Wednesday, September 30, 2009

Case Study: Underground Cities of Cappadoccia

In the central steppes of modern Turkey lies an area of fascinating natural beauty and even more fascinating subterranean architecture. In Cappadoccia there are numerous dwellings, churches, and other buildings carved into the rock and built from bricks of the same.

More impressive are the underground cities, built by early Christians as places of refuge and dwelling. So far eight have been found, but there are probably more. The largest, at Derinkuyu, was accidentally discovered in 1965 when a man cleaning his house accidentally broke through a back wall and discovered a chamber, which led to more chambers, then more. at Derinkuyu there are at least eight separate levels extending down 85 meters below the surface, including chapels, a baptismal font, grain storage areas, and dwelling areas.

Geology: Obviously, the type of rock available in Cappadoccia is an important factor in enabling all of this construction. It's a particular type of tuff, which means it's compressed volcanic ash. The less-compressed areas have then been eroded, leaving solid masses of tuff that can be easily carved and excavated. It is easily cut into bricks for use aboveground or in dividing walls. Anyone looking to build a similar site should look for semi-arid areas of previous volcanic activity that will have built large columns of appropriate tuff. Even workers with relatively little previous stoneworking experience should be able to construct and expand subterranean dwellings in this material.

Although the soil itself is rather sandy, it is volcanic and nutrient-rich. In order to make it fertile, residents here carve decorative pigeon-holes into the rock faces for doves to nest in and harvest the guano, mixing it with the soil. Aboveground crops of grapes, apricots, and wheat can be dried and stored for long periods underground. If larger underground chambers were present, pigeonholes in subterranean caverns could be inhabited by bats and the resulting fertilizer used in mushroom production.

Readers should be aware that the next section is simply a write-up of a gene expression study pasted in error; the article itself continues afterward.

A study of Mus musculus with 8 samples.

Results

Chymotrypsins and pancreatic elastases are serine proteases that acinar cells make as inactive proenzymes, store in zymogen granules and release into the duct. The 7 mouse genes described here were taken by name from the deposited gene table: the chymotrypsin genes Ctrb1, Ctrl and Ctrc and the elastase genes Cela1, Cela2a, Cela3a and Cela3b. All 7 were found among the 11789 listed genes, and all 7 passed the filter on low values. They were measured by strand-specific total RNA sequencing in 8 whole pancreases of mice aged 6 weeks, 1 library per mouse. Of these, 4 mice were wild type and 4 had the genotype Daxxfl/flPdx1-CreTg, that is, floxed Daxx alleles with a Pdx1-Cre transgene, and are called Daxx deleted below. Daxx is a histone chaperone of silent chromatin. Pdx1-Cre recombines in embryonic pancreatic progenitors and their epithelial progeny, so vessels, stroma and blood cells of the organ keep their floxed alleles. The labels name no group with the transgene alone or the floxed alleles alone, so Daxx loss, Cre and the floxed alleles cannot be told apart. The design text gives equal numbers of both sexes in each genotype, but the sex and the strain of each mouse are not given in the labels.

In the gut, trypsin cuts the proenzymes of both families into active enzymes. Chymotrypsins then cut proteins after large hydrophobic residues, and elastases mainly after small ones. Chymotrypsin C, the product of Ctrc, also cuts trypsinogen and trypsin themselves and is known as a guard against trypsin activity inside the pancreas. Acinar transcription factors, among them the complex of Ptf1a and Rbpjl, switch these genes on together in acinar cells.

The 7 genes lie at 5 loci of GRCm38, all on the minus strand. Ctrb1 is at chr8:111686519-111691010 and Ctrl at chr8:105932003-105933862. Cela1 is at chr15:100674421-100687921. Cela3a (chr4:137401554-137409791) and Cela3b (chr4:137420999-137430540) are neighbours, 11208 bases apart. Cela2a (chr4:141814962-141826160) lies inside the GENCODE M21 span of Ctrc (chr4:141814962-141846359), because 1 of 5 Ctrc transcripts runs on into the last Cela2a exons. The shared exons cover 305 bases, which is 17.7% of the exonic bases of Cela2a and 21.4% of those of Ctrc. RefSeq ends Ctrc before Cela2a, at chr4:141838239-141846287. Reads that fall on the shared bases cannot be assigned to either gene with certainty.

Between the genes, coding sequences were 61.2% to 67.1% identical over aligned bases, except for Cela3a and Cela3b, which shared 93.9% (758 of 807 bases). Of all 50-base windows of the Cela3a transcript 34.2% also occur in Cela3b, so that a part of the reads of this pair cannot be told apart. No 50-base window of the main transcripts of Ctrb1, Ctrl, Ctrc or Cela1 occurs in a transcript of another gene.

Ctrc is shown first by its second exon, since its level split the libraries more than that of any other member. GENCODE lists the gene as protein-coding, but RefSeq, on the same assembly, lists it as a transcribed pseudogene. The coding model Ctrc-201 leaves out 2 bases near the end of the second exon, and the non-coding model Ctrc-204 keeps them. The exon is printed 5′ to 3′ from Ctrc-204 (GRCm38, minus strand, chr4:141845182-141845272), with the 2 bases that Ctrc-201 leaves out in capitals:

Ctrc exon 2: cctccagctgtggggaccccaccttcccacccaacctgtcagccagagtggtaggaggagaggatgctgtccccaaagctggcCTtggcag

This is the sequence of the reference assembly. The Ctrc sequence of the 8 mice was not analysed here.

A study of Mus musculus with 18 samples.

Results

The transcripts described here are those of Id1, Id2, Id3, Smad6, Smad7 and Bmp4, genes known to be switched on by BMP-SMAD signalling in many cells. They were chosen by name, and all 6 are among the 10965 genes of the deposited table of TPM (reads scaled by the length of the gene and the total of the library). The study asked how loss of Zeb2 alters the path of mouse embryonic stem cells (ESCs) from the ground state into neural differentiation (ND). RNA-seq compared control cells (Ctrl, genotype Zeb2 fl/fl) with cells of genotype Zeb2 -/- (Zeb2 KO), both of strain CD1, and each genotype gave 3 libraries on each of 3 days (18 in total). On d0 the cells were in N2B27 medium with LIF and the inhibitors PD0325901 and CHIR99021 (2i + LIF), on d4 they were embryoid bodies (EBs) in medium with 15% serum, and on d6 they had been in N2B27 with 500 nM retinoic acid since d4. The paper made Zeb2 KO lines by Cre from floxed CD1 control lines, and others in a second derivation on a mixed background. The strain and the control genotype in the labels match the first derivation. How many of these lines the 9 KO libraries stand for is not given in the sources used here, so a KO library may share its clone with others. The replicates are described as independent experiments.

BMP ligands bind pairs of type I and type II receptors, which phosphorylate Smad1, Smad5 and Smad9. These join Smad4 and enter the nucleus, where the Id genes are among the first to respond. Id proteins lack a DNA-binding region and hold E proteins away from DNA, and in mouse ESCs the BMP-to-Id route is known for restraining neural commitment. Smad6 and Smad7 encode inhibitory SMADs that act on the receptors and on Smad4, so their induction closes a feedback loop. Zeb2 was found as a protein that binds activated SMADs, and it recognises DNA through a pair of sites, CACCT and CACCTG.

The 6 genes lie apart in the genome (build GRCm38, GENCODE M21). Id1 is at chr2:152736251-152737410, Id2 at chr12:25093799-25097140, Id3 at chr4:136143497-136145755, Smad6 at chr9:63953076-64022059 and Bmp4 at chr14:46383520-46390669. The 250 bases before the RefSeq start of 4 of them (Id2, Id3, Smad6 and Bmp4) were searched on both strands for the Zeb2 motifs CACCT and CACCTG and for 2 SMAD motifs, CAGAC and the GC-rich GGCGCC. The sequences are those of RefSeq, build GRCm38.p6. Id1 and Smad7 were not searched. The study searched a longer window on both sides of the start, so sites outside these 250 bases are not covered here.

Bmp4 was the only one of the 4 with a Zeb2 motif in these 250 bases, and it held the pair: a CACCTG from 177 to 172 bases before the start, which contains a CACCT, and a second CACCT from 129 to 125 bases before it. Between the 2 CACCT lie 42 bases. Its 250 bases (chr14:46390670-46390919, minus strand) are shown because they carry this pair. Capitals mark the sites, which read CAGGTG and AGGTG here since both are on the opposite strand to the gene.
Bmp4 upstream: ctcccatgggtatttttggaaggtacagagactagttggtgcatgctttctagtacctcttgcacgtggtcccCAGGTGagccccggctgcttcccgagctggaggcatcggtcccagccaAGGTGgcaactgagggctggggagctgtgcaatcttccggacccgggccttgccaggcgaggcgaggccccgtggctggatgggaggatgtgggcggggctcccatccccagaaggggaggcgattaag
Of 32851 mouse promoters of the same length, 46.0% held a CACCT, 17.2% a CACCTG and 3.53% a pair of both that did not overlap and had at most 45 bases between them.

"Pigeon Holes", Uploaded by Verity Cridland on 11 Oct 08

Defensibility: One advantage of interspersing numerous hand-carved cave dwellings honeycombed into a mountainside with entrances to a larger underground lair is that enemies won't know where the real entrances are. This would be much harder to accomplish in a harder stone such as granite. Furthermore, the ease of carving means that it's easy to construct elaborate labyrinths beneath the earth that make it difficult for trespassers to find their way in.
IMG_0326", Uploaded by lesleyk on 23 Aug 05

Rooms: Eel Tower

At Ripley Castle there's a plaque on a sealed-off tower that marks it as the Eel Tower. I'm pretty sure every castle or dungeon design can benefit from the addition of an eel-breeding area. For one thing, feeding all your denizens can be quite a challenge, and not everyone likes fungus and rats all the time. Plus, a trapdoor chute or two into the eel-pit is a pretty cool trap and keeps the eels fed.

Of course, this makes me think of the Mighty Boosh episode about eels:

I bet I know what song you'll be singing when you add the Eel Pit to your next dungeon!

Dungeon Design: How to Host a Dungeon

How to Host a Dungeon by Tony Dowler. Solo play (but can be done as a group); takes a few hours and you'll end up with a good side-view of a subterranean dungeon complex for fantasy play and a good sense of its history and how each part of it was formed and populated.

This can be a satisfying activity in itself, or it can be done as a precursor to 'overhead-view' traditional dungeon mapping for an RPG.

Hello Underworld

I want a blog full of underground wonder, urban exploration, ruins both modern and ancient, maps, traps, speculation, fantasy, and inspiration. Like BLDGBLOG but exclusively in a subterranean domain. I want a subterranean design blog.

I couldn't find one, so I had to start one.